Rococode

Young Ones

Marquis ; 16/06/2017

author
Sarah Jickling

Vancouver does not deserve local pop-duo Rococode. For, our city has an abusive relationship with pop music. Local scenes often look down on it, as if pop is a lesser genre of music not worthy of our noise festivals and college radio stations. Yet when we think no one is listening, we turn on Beyoncé and Taylor Swift, and crank the volume. Pop music is always there for us when we need it, whether it’s when we spend too long thinking about the ills of the world or when we finally overcome feeling guilty about our musical pleasures.

In Vancouver, we have some of the best pop musicians in the country, creating immaculate hits that will ease the pain of any heart break or existential crisis, all while showing casing extraordinary musical skill. Rococode’s new EP Young Ones is a perfect example of the addictive hooks and seamless production that we have come to expect from Vancouver’s own Laura Smith and Andrew Braun. This EP’s dark, synth pop dreamscape acknowledges the heavy dread that has become synonymous with the year 2017, while simultaneously lifting the listener out of the gloom with unexpected melodies that float over the tracks with ease.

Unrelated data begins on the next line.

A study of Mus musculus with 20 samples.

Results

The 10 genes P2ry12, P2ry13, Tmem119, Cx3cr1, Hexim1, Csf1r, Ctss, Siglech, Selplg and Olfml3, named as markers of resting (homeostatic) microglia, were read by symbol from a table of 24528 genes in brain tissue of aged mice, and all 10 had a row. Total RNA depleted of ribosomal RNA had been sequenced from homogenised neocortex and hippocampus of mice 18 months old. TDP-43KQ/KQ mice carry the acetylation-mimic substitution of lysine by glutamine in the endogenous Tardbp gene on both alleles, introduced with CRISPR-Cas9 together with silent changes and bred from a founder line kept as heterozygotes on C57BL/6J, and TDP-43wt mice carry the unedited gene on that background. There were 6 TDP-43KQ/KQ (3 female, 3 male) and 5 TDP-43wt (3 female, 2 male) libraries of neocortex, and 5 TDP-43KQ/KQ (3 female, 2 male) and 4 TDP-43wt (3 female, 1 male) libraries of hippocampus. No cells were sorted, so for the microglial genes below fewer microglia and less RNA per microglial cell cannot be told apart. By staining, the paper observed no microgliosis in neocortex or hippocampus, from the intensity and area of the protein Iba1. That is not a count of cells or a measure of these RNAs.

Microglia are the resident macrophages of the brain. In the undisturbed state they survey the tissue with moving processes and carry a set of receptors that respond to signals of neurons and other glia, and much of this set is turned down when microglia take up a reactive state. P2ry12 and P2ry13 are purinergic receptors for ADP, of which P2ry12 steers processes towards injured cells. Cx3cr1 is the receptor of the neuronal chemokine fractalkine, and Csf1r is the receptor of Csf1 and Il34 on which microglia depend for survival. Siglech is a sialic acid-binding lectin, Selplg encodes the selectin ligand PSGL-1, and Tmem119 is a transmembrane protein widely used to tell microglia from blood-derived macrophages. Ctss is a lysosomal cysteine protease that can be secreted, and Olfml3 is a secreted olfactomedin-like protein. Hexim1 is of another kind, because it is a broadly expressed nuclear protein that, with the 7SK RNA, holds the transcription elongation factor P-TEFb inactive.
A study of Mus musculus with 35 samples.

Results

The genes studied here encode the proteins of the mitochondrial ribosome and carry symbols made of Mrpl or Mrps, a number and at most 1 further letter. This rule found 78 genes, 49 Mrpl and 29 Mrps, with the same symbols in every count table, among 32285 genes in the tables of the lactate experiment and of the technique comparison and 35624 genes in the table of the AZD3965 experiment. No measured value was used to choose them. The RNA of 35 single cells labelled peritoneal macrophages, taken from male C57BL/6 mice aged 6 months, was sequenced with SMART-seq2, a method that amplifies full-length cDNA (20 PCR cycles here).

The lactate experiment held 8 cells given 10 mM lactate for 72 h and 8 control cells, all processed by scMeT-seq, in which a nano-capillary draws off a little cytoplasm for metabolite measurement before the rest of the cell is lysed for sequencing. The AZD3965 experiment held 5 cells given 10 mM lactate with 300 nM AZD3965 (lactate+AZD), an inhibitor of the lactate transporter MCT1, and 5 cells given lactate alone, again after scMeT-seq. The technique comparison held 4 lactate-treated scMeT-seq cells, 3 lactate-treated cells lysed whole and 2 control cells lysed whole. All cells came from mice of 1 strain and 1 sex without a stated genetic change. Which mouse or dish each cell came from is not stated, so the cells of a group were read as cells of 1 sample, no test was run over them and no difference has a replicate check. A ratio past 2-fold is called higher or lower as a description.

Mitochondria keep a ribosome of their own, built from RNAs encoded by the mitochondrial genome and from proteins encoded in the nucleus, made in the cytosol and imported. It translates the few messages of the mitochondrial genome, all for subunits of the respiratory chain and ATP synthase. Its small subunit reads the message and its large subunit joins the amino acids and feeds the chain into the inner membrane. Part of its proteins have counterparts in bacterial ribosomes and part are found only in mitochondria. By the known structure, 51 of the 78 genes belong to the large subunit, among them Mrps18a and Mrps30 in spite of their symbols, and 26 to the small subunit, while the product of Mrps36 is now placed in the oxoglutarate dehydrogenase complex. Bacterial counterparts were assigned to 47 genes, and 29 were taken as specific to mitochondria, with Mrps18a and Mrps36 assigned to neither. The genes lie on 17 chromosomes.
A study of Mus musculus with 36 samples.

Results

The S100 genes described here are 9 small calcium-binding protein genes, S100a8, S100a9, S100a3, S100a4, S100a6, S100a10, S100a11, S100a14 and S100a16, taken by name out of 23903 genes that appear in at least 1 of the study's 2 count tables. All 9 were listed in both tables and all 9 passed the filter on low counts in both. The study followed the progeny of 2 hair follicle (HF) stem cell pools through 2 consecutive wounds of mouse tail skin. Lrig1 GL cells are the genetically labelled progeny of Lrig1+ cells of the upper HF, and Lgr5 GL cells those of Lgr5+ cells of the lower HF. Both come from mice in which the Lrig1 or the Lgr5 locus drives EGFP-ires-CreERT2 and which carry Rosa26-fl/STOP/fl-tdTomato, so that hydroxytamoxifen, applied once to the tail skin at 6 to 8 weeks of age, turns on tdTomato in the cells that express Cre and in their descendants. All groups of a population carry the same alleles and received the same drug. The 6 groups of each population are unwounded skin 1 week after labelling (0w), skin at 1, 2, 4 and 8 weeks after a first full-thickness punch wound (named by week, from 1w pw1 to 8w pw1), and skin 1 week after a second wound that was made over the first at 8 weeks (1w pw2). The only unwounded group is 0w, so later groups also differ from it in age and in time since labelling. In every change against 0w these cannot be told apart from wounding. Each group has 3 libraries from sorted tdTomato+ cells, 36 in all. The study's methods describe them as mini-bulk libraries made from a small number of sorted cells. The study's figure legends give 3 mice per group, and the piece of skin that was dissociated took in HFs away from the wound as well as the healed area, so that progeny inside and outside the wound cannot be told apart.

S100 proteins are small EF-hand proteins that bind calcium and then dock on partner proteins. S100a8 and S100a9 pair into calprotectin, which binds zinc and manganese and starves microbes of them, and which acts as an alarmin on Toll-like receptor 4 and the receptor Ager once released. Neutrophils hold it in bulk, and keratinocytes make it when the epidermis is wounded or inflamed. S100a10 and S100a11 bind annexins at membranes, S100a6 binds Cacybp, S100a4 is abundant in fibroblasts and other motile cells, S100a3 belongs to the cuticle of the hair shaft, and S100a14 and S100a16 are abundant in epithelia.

Crafting music that encapsulates both the dark and the angelic hinges on refinement and talent. Smith’s rhythmic runs in “Can’t Get Enough,” for example, are expertly written, and will send a shiver down the spine of an unsuspecting listener. In the last track, Smith sings “Wake me up, I thought that it’d be over / But dreams can’t make me sober.” This imagery brings to mind a generation waking up on November 9, 2016. All that darkness is there, amongst the synths and the drum machines and the show-stopping melodies. Yet, the duo also provides glimpses of light, as they coo, dove-like, on the vocal hook to “A Love That You Will Never Know.”

Rococode’s music is carefully crafted by two veteran musicians who know what the hell they are doing. They further prove that pop can encapsulate complexity, depth and diversity. And while it may be easy to disregard music for its melodic, hook based sensibilities, it’s time for Vancouver to stop judging musicians by genre and, instead, finally listen.